MIAMI – Patricia Guerrero said she is working full time to pay the mortgage of a home that she is supposed to be renting. Instead, she said there are squatters with a fraudulent lease, and the coronavirus pandemic’s eviction moratorium is protecting them.
Guerrero said she has been in this situation for more than nine months now. She bought the house in 2018, renovated it, and when her tenants moved out, she sold it. There was money in escrow, but in April, right before closing, squatters moved in.
“I am a landlord and I don’t have any rights,” Guerrero said. “They do have rights; I don’t.”
Guerrero said Miami police officers told her it was a civil matter. She took her case to court and a Miami-Dade County judge issued an eviction, but since it was filed after March 12, the moratorium prohibits officers from enforcing it.
“I understand that there is a moratorium for nonpayment of rent. This is not nonpayment of rent; this is a squatter,” Guerrero said.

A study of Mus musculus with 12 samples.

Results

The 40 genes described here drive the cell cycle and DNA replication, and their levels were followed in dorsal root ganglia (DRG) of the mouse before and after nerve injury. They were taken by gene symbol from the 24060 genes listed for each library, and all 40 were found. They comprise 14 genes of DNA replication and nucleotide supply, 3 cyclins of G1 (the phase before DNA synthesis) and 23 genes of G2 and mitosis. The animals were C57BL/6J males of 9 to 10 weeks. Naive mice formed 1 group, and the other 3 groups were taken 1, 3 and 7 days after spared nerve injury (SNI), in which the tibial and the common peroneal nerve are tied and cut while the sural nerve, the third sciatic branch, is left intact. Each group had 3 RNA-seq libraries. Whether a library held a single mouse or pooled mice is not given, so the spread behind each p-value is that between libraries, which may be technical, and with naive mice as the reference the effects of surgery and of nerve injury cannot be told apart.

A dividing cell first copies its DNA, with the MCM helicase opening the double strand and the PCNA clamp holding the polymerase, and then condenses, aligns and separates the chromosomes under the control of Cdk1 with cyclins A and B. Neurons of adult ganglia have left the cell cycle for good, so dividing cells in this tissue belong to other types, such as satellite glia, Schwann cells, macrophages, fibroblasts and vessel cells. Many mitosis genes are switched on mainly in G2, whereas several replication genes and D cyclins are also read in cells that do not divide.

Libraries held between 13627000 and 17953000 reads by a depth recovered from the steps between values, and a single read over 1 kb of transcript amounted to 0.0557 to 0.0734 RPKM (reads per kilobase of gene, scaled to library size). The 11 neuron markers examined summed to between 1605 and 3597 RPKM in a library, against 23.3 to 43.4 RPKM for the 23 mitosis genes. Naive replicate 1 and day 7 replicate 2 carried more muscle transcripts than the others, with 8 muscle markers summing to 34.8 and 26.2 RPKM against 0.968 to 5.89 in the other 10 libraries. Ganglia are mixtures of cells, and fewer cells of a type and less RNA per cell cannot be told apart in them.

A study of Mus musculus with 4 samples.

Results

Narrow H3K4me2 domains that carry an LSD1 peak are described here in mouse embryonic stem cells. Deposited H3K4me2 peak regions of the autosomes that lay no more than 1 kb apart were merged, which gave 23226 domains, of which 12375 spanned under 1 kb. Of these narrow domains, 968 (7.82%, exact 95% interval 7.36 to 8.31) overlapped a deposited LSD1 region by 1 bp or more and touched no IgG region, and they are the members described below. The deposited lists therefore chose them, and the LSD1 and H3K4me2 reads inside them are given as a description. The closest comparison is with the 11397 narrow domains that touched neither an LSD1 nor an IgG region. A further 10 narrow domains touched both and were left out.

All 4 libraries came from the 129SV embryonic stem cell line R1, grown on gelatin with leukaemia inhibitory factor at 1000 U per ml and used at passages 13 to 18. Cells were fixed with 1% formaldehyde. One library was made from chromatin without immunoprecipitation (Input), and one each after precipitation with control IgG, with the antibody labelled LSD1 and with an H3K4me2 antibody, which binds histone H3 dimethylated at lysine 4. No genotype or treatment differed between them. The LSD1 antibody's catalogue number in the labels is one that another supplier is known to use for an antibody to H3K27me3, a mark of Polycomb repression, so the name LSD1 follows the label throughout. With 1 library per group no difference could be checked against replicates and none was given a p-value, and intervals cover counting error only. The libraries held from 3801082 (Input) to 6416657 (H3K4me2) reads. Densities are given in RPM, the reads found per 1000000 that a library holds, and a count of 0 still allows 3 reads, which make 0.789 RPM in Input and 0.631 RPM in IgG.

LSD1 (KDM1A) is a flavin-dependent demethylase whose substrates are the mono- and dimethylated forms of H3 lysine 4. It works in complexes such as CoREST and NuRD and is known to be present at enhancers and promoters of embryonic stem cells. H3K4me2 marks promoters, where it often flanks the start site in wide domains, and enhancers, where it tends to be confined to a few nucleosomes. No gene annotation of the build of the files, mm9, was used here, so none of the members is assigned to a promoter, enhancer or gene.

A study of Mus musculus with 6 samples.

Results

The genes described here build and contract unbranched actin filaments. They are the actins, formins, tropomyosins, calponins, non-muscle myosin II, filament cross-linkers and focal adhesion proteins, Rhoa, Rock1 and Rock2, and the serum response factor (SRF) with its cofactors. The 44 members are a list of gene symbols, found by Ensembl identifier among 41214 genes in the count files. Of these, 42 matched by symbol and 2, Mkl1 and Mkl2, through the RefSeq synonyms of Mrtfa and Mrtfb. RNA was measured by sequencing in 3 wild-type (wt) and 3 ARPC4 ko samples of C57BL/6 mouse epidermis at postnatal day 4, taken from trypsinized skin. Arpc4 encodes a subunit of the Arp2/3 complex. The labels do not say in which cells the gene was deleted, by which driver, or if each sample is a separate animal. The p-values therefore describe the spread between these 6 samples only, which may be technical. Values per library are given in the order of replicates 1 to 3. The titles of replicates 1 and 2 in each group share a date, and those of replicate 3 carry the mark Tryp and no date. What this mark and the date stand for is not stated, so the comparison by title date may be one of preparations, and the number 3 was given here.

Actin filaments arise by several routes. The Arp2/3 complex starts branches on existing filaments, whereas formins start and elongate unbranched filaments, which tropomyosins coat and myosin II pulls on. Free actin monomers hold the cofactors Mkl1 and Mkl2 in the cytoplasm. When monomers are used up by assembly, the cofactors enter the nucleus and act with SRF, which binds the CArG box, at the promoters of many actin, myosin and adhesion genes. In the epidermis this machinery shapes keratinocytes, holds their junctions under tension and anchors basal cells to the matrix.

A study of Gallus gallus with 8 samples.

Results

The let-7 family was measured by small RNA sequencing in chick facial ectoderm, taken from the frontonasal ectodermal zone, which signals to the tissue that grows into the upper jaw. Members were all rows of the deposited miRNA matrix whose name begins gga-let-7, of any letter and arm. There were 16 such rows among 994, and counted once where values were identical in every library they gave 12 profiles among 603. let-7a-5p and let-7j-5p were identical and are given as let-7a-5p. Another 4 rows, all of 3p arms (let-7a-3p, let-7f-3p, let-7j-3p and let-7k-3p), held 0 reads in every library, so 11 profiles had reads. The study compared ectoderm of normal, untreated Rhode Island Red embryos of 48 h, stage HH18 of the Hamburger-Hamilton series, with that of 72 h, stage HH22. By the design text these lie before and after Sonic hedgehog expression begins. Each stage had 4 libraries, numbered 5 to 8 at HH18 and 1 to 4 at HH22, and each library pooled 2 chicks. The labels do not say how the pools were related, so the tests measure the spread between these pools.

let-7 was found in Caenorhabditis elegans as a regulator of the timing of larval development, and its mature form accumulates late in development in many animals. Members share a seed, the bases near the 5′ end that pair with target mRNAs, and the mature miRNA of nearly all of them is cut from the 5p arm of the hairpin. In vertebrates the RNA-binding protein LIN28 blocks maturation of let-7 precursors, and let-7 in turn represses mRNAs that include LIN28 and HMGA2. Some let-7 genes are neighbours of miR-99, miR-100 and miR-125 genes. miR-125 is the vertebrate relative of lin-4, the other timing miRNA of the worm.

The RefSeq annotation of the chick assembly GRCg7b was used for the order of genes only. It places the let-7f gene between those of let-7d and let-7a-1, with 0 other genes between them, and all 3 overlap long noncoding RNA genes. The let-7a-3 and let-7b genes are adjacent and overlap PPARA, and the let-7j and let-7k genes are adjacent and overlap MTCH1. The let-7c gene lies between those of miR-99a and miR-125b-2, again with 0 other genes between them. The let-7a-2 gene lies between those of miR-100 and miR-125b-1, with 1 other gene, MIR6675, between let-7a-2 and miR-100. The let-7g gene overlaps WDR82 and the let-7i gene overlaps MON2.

Guerrero said the situation with the squatters is affecting her health because she is so stressed. She is not sure how long she will be able to afford to pay the mortgage before she has to go into foreclosure.
Records show more than 7,700 evictions have been filed in Miami-Dade and more than 6,355 in Broward County since March 20.
Miami-Dade Mayor Daniella Levine-Cava is reviewing her predecessor’s moratorium to consider cases like Guerrero’s, a county spokesperson said. The federal eviction moratorium was extended until Jan. 31.